The recent scandal involving Eliot Spitzer’s patronage of a prostitute across state lines, one of the very things he built his career on fighting, raises some important principles as Republicans and some Democrats in New York state call for his resignation. I’m reminded of the words of Jesus here:
“Give, and it will be given to you. A good measure, pressed down, shaken together and running over, will be poured into your lap. For with the measure you use, it will be measured to you.” Luke 6:38 NIV
The New Yorkers I’ve listened to don’t believe a man who spent his career going for the tough, high-profile convictions without mercy should be given the same treatment, especially since he was caught by the very systems he put into place as attorney general. Spitzer is no doubt going to be wishing he’d been a bit more conciliatory with his colleagues as the controversy continues to swirl. It’s a lesson we best learn from. Far from gloating over how the mighty have fallen, we all face similar circumstances where we can choose mercy or at least use that softer touch with people who rub us the wrong way.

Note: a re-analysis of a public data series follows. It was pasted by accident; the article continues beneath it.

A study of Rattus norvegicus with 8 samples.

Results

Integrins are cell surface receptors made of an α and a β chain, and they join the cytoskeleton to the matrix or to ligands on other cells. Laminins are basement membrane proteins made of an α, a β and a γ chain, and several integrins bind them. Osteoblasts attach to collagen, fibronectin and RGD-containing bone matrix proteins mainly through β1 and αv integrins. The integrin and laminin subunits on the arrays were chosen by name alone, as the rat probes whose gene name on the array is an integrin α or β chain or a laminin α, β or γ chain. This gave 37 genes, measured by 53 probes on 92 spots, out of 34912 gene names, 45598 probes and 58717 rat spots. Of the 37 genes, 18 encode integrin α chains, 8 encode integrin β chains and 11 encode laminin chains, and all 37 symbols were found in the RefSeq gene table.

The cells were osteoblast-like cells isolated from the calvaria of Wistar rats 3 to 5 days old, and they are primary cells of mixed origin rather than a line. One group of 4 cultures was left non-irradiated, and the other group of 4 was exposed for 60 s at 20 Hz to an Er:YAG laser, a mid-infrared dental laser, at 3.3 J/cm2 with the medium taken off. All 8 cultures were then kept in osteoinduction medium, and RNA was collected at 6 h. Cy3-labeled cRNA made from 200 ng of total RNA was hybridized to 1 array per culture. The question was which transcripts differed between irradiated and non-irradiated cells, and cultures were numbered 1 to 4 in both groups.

And if we’ve learned a little lesson for ourselves here, what of Governor (or former Governor perhaps) Spitzer? Is there grace and mercy for him?
On one level there are consequences for his actions, but I also think we can truly pity this man who poured his energies into self-promotion, self-deception, and now self-destruction. Whether or not he is truly repentant or can be trusted in the future remains to be seen. However, the Old Testament is full of stories where God forgives and even restores rulers willing to confess their sins and humble themselves before the Lord.
I don’t know if that will happen with Spitzer, but I can’t help seeing a real tragedy here involving a human being and his family who are being picked apart not only all over America, but all over the world. As Spitzer made his superhuman frown during his brief press conference, his wife seemed on the verge of breaking down. Even if the person is prideful and vindictive, it’s never a good thing to watch someone fall. The question is, will there be a chance for redemption?